It is impressive to see the quality and creativity of discussions that have been held in Athens and other cities in the past few years. On every subject, from foreign policy to the economic crisis, one finds inspired speakers and can take part in discussions of a high level.
A cynical view might be that this is no more than members of an elite talking to each other and no one else. Indeed, it is easy to be discouraged when meeting the same people at different functions. In Greece, as in the rest of the world, we are facing a problem of communication with a large sector of society. Those who are in despair, who believe that they cannot look forward to anything better, do not read newspapers, they watch little television and, of course, they do not frequent public discussions on complex matters. How to break down this wall and communicate with them is a challenge of global proportions. US President Barack Obama said recently that he was glad he was elected before the collapse of the old order in communications. People who want to be fed only conspiracy theories and hatred will not be moved easily by a dispassionate and positive dialogue.
We should not despair, though. Nor should we stop trying to achieve a serious and calm public discussion on all that interests us. Something comes out of all these meetings, irrespective of their ideological orientation. Who would have thought a few years ago that in Greek universities we would have open discussions of a high quality as to whether we should have private universities? Or who could find information on sensitive foreign policy issues as easily as one does today?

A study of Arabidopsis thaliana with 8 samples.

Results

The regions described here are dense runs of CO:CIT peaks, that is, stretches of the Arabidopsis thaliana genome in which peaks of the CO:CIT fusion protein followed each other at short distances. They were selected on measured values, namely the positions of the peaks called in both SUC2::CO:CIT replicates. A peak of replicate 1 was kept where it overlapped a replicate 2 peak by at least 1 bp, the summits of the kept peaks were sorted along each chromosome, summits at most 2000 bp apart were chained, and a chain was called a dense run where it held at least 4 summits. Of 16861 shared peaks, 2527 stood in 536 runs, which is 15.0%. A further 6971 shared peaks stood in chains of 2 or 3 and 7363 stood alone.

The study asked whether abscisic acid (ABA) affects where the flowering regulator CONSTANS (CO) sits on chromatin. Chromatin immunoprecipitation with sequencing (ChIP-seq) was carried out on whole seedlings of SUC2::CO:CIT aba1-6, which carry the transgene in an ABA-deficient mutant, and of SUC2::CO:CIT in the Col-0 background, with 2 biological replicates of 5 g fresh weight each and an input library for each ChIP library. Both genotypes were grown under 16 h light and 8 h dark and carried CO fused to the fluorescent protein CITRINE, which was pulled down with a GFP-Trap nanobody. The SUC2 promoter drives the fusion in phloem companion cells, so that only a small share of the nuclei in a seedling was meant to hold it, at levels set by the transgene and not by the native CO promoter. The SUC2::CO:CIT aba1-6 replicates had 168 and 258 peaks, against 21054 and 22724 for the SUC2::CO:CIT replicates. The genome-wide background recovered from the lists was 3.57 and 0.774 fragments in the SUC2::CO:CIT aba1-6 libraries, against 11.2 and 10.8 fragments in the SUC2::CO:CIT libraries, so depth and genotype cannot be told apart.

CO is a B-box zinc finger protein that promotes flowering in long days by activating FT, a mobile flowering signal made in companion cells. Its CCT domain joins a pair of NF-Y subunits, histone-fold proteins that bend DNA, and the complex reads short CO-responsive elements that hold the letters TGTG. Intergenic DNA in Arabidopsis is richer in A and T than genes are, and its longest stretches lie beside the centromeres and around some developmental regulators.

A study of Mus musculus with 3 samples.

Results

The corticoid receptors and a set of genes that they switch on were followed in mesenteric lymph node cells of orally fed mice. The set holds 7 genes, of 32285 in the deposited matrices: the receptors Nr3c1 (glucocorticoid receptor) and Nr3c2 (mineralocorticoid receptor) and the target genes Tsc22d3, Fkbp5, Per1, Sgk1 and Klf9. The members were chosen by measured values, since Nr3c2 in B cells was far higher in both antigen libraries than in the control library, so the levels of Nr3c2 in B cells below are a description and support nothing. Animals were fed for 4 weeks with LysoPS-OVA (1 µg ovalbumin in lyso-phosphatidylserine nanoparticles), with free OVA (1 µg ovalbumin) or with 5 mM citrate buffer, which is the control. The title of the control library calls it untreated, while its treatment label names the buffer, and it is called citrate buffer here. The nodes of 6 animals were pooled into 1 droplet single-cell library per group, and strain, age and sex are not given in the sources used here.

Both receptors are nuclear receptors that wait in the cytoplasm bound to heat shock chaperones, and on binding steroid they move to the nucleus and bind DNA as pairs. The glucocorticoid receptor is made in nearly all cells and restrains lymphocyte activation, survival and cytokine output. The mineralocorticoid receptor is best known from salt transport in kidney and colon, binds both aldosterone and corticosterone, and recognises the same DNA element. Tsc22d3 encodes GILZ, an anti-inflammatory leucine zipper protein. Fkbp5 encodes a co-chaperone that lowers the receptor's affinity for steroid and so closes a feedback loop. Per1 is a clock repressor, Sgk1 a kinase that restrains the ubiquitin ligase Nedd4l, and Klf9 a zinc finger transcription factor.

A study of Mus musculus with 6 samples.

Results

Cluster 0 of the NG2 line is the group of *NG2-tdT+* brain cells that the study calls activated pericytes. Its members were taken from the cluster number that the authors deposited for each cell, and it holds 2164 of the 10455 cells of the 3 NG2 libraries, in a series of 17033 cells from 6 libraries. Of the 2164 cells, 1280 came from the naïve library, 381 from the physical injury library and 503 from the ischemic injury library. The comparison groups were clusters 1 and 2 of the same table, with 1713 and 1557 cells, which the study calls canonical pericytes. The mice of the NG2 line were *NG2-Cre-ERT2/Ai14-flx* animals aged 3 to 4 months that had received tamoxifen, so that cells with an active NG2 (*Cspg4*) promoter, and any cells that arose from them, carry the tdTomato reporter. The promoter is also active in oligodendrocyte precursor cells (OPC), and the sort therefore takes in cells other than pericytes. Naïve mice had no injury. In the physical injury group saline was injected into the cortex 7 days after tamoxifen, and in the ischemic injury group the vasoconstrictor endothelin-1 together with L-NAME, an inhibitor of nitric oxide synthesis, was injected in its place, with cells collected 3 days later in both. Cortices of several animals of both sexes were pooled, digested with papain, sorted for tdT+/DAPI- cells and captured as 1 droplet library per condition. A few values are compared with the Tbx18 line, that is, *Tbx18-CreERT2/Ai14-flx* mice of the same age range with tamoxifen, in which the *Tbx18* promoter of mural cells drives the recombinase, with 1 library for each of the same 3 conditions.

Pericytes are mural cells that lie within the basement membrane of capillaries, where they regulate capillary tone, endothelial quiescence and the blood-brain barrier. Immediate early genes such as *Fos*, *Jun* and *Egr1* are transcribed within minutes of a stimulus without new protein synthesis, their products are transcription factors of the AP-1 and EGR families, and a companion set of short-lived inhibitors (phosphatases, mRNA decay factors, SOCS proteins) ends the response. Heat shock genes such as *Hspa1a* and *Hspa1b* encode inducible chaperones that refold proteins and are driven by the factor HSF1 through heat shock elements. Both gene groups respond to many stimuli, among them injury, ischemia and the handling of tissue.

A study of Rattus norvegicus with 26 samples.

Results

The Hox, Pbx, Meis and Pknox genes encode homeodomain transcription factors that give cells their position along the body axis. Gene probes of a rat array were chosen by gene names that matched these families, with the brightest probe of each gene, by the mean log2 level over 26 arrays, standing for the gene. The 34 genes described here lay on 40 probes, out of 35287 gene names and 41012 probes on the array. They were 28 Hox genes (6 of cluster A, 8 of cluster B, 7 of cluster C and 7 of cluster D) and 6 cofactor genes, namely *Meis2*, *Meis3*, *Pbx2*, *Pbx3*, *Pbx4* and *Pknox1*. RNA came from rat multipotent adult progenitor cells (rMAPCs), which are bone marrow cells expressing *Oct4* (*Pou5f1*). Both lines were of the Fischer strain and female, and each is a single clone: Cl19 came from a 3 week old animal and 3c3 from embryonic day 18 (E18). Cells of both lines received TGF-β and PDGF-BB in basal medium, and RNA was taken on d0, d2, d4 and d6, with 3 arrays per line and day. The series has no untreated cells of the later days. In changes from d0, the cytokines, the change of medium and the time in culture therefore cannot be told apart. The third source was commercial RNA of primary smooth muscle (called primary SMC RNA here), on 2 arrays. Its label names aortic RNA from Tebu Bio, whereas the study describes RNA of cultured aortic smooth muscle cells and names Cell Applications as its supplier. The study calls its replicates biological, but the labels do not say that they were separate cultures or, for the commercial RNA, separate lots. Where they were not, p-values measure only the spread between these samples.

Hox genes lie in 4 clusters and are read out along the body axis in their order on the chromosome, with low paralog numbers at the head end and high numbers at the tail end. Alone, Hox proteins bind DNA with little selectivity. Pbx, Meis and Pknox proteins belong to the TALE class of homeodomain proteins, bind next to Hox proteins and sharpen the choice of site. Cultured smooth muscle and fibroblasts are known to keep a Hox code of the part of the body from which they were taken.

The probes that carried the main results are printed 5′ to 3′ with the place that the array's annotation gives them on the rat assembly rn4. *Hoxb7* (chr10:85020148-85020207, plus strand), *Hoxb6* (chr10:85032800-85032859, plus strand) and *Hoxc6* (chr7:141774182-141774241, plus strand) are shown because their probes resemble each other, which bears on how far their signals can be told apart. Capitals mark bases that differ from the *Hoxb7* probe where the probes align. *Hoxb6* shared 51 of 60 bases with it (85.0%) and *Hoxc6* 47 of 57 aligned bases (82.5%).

Yes, there is a danger of our talking to ourselves in isolation. But if we do not try to introduce a spirit of consensus and new ideas into our public debate, it is all too easy to see where this will lead. At the same time, we must find inspired new ways to communicate with the part of society which has barricaded itself (justly) inside the ghetto of anger and denial. This, too, is a challenge.